Eleanor Lambert is best known as the inventor of Fashion Week, creator of the International Best-Dressed List and founder of the Council of Fashion Designers of America. When she died in 2003 at age 100, she was one of the most influential women in the American fashion industry. But well before she became a fashion doyenne, Lambert represented artists, including Jackson Pollock, Jacob Epstein and Isamu Noguchi.

In his new book, “Eleanor Lambert: Still Here,” John Tiffany lays out her evolution from failed sculpture student at the Chicago Art Institute to artists’ representative to one of the founders of the Museum of Modern Art. Tiffany first met Miss Lambert, as she was called, when he worked as her assistant in the 1990s.

He spoke with The Washington Post about Lambert.

“In a way she was not a failed student of sculpture, she was the success, because she created her own sculpture — which was herself. It took a great deal of creativity: blackamoor jewelry from her clients and minks by Kenneth Jay Lane and pieces from the flea markets in Europe and suits from the Middle East and Africa. . . .

Outfit designed by Geoffrey Beene. From the book ‘Eleanor Lambert: Still Here.’ (Courtesy of Fashion Institute of Technology/SUNY, FIT Library Dept. of Special Collections and FIT Archives)

“Salvador Dali was her client, and he never paid her very well. In fact, today, Salvador Dali still owes her money. He paid her with art. I remember walking into her apartment and I said, ‘That’s a Salvador Dali!’ And she said, ‘Oh, yes, that’s me.’ The thing was called ‘Eleanor Above the Clouds.’ It was her head above the clouds.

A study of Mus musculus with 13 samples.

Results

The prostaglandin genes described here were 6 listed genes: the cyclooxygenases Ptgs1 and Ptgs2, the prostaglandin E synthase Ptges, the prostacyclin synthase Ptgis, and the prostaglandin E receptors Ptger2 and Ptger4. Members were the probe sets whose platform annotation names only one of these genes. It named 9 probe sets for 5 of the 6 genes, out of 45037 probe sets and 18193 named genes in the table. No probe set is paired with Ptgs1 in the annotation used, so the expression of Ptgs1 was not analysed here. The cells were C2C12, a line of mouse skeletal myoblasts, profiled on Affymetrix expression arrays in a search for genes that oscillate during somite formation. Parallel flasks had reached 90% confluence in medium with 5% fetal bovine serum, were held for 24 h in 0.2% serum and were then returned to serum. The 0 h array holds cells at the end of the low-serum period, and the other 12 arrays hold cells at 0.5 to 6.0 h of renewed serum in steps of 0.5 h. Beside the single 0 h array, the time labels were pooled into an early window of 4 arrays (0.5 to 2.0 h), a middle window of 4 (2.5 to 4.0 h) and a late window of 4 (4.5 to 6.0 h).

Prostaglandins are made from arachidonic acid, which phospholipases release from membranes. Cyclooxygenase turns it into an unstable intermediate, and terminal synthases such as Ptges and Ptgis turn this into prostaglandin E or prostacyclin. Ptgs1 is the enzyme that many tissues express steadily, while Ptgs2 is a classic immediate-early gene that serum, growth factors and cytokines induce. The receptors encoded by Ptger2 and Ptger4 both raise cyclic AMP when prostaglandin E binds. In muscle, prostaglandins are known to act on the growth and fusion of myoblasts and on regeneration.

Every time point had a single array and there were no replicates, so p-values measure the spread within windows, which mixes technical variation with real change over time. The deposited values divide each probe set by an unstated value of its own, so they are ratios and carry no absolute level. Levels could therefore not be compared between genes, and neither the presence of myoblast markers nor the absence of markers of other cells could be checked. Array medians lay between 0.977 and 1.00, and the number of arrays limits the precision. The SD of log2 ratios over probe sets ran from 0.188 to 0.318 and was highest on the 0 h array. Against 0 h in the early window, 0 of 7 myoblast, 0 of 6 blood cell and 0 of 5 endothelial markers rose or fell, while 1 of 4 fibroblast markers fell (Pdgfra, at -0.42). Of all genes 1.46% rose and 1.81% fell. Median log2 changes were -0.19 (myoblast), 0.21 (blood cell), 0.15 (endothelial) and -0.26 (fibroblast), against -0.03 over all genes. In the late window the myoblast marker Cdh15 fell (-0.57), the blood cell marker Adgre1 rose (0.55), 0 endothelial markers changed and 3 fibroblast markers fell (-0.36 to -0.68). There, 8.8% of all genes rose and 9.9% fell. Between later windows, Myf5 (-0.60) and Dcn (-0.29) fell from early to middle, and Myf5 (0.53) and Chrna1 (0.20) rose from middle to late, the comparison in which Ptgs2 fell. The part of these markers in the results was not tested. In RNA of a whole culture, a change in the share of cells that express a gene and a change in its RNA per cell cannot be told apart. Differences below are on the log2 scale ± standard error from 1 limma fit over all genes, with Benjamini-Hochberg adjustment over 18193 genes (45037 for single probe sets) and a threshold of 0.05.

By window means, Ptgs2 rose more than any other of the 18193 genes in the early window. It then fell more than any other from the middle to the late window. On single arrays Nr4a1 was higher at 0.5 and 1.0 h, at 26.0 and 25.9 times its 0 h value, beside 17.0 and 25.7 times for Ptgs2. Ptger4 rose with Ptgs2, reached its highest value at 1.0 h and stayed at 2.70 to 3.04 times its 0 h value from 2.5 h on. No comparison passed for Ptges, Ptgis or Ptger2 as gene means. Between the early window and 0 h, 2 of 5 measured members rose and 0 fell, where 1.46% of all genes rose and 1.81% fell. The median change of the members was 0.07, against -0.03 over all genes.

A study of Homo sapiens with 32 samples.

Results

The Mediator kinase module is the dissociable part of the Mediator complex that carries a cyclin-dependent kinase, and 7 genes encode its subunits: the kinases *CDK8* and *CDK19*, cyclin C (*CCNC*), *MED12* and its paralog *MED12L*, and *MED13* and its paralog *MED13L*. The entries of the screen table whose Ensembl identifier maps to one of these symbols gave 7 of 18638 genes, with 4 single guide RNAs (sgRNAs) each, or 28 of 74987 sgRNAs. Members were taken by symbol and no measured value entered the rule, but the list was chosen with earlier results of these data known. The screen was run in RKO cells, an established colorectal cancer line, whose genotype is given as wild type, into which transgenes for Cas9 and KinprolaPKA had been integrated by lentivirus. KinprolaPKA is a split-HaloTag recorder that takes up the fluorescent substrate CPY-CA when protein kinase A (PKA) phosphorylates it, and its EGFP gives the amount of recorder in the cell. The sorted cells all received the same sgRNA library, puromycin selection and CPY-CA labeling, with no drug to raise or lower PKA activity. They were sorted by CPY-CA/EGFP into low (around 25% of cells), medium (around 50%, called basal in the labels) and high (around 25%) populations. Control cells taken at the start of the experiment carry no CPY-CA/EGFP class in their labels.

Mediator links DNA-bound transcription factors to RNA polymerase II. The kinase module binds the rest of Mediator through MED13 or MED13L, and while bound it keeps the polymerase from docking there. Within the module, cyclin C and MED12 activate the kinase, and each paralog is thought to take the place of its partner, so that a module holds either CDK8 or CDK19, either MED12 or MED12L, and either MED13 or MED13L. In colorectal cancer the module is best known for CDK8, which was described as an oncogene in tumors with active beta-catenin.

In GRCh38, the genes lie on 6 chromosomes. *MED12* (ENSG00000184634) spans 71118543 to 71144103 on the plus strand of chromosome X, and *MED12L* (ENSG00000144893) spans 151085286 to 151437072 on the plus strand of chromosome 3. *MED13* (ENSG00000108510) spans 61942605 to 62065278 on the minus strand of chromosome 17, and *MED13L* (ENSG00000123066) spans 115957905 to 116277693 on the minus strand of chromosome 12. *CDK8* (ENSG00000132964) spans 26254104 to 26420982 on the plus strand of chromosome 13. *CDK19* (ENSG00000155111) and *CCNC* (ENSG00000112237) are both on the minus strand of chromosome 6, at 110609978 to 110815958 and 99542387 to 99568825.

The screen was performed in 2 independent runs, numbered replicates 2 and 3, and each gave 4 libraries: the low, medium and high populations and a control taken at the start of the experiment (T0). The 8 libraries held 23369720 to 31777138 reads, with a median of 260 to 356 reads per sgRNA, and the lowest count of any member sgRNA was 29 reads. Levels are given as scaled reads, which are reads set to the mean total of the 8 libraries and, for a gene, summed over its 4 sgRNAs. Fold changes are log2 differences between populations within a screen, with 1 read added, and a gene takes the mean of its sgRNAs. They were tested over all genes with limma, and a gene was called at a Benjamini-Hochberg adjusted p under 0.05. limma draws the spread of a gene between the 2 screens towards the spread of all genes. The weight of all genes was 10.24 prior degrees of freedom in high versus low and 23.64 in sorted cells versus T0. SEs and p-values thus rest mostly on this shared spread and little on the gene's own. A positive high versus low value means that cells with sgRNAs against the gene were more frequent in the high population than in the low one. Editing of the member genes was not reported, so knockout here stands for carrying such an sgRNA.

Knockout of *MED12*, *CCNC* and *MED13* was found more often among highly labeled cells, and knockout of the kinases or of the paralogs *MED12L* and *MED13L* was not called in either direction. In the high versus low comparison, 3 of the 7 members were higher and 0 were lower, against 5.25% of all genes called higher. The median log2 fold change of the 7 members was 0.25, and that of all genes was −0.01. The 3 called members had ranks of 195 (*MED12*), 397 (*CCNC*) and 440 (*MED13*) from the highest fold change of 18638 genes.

“A lot of her clients paid her with art. . . . The legendary story is that she convinced Noguchi to sculpt her sculpture in wood and that was the first time he made a sculpture in wood, which, of course, is what he is known for doing — wood.

“She was hired as the first press director of the Whitney Museum of American Art, and one of her ideas was maybe the Whitney should sponsor an American pavilion at the Venice Biennale [in 1934]. . . .

“In those days, the Biennale was very controlled by the Venetian government. William Randolph Hearst said he would very generously underwrite the shipping of those 100 pieces of art to Venice and have them installed. So Eleanor Lambert took a boat, and when she was halfway across the Atlantic, her boss wired her saying, ‘Get to Venice as fast as you can. . . .

“When she arrives in Venice [she is] told that a picture of Marion Davies, William Randolph Hearst’s mistress, is hanging in the entryway of the American pavilion. And there are two issues:

“One, it wasn’t one of the paintings that the Whitney had approved. Hearst had snuck it in and then had paid off officials to make sure it stayed. And [second] the portrait was by Tade Styka, who was a Polish citizen at that time. . . . Miss Lambert said, ‘Take the painting down.’ Seymour Berkson, Hearst’s right-hand man who had engineered the whole thing on behalf of Hearst, [said] ‘That’s not coming down.’

“Eleanor Lambert said that if you don’t take it down, I’m going to report that you did take it down in the New York Times.

Outfit designed by James Galanos. From the book ‘Eleanor Lambert: Still Here.’ (Courtesy of Fashion Institute of Technology/SUNY, FIT Library Dept. of Special Collections and FIT Archives)

“The painting was taken down a week early, so both sides claimed they won.

“And after the whole debacle was over, Seymour Berkson, who was married, and Eleanor Lambert [who was also married] met for dinner and fell madly in love. [The couple would later marry and remained so until Berkson’s death in 1959.] I don’t think anyone stood up to Eleanor Lambert up until that point and probably very few after that.

“One of the things Miss Lambert learned is that, even though it was not good press, it was amazing press for the Whitney. It put the Whitney on the map immediately, and it established America as this force to be reckoned with in art.”